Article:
Jennifer Johnstone heads the Central City Foundation, a community-led organization in Vancouver's inner city.
Like everywhere else, Vancouver’s Downtown Eastside saw mixed results for businesses during the first few months of the pandemic last spring. Property services specialist CleanStart BC, based in the troubled inner-city neighbourhood, enjoyed a surge in demand for sanitation and disinfection. But fellow social enterprise EMBERS, a staffing agency, found itself with excess labour as construction slowed down.
That’s where Jennifer Johnstone and the Central City Foundation (CCF) stepped in, bringing the two organizations together and providing funds to redeploy workers where needed. By pooling their resources, the new partners also saw an opportunity to develop a new line of business in home deconstruction. “They suddenly realized there was a great synergy in terms of equipment and people and purpose,” Johnstone says. “There were all kinds of wins in that one for me.”
Since she took charge in 2006, the CCF has tried to better understand what it means to be community-led, explains the Richmond native, whose 30-year career includes serving as executive director of Ballet British Columbia and acting executive director of the Vancity Community Foundation.
“The work at Central City Foundation is rooted in relationship-building, in walking alongside the organizations that work in the inner city,” Johnstone says of the nonprofit, launched by a group of neighbours in 1907. “It’s about building those lasting relationships so we can understand from those most directly affected what the issues are, the kinds of things that will improve conditions in the inner city, and help people to improve their lives.”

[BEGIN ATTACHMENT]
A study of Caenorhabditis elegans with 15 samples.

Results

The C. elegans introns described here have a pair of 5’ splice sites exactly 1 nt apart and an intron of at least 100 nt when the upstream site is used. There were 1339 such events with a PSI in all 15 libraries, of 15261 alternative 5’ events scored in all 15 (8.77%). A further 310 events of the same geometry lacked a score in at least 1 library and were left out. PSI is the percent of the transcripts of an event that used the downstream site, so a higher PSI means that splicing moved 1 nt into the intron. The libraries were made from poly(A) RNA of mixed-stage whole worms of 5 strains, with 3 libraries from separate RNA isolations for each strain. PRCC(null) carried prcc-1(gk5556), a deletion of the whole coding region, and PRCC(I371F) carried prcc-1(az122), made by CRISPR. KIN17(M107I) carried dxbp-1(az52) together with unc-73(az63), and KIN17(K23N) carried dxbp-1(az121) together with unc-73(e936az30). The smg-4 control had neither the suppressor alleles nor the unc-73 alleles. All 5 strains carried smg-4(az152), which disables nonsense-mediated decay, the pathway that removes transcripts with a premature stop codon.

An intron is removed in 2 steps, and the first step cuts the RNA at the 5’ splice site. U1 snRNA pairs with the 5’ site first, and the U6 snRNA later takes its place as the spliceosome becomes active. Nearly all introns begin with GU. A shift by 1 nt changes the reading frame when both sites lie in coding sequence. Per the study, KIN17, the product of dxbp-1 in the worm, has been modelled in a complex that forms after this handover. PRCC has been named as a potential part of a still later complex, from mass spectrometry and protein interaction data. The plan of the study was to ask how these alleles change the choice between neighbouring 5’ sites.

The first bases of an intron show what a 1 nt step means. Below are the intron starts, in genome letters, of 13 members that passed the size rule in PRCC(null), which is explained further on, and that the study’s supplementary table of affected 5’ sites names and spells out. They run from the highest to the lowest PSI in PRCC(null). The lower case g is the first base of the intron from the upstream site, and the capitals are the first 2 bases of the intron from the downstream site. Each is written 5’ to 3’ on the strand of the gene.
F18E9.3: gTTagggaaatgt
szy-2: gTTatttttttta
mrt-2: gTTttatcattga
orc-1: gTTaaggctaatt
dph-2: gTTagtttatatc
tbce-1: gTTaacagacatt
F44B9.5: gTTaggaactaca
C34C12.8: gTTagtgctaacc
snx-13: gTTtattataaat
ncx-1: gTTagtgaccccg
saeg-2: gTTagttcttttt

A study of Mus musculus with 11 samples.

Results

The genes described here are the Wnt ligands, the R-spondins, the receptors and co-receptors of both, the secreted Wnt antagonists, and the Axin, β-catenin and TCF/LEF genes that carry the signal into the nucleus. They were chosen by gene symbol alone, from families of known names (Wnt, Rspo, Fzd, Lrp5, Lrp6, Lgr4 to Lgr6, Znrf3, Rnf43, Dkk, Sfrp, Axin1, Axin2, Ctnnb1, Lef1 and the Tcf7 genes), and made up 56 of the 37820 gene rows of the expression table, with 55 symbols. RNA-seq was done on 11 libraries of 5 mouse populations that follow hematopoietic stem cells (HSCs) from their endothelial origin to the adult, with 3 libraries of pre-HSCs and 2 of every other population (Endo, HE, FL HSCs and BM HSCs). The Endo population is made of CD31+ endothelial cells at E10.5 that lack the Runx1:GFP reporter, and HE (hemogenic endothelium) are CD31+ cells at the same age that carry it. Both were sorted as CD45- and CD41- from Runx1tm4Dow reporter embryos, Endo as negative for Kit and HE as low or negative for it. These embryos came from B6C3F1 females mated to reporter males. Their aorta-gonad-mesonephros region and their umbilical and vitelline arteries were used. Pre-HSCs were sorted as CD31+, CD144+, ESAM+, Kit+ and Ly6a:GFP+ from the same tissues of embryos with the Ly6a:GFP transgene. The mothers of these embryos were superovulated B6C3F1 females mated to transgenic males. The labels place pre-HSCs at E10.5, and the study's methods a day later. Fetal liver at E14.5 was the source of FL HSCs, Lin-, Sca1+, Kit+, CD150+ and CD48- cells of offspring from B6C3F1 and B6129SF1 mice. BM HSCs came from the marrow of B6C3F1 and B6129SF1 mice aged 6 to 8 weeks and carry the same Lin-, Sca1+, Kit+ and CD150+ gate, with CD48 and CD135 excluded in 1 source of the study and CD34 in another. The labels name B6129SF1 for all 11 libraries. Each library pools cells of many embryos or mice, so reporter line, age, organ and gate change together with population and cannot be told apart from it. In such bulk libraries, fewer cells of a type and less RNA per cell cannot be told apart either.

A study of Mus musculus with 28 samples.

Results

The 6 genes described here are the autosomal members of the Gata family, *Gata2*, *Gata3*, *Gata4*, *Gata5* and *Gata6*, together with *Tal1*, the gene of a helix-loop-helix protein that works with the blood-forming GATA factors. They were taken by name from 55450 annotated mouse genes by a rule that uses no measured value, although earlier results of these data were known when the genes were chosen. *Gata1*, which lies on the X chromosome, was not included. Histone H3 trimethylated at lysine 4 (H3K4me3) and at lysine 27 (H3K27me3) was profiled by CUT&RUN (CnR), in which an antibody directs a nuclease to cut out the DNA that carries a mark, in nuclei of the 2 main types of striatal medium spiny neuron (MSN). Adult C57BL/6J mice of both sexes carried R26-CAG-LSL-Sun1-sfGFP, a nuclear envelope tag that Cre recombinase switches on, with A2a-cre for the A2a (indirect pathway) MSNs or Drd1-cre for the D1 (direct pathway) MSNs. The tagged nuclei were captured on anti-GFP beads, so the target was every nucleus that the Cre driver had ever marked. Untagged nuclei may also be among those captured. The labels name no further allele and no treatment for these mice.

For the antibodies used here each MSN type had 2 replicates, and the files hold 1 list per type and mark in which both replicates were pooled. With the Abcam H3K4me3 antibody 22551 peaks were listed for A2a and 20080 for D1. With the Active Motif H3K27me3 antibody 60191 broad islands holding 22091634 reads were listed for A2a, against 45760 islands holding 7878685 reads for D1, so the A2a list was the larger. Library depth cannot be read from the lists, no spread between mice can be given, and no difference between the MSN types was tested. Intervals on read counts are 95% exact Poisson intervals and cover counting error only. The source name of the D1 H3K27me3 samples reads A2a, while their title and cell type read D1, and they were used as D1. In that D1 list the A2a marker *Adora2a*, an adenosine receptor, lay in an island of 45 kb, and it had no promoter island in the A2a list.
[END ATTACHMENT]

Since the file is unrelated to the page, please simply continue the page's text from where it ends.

To that end, Johnstone responded to the pandemic by advising and working with groups such as the BC Women’s Health Foundation, the Coordinated Community Response Network and the Emergency Community Response Fund. Her efforts helped ensure that front-line organizations received more than $8 million in philanthropic funding.
Johnstone, who is one of four staff, has also moved to an investment model that sets the CCF apart from its peers across the country, using almost half of its capital to buy social purpose real estate. “We’re there on an ongoing, consistent basis to support folks,” the veteran fundraiser says of those holdings, which range from Vancouver affordable housing to a youth treatment centre for addictions in Keremeos.
The CCF has more than doubled its assets during Johnstone’s tenure, to some $40 million. For every dollar spent, the foundation generates $3.90 in social benefit, it estimates. In the fragmented social services sector, Johnstone finds it encouraging that COVID has prompted groups supporting Indigenous and other local residents to collaborate. “When we come together as a community, it gives each of us hope.”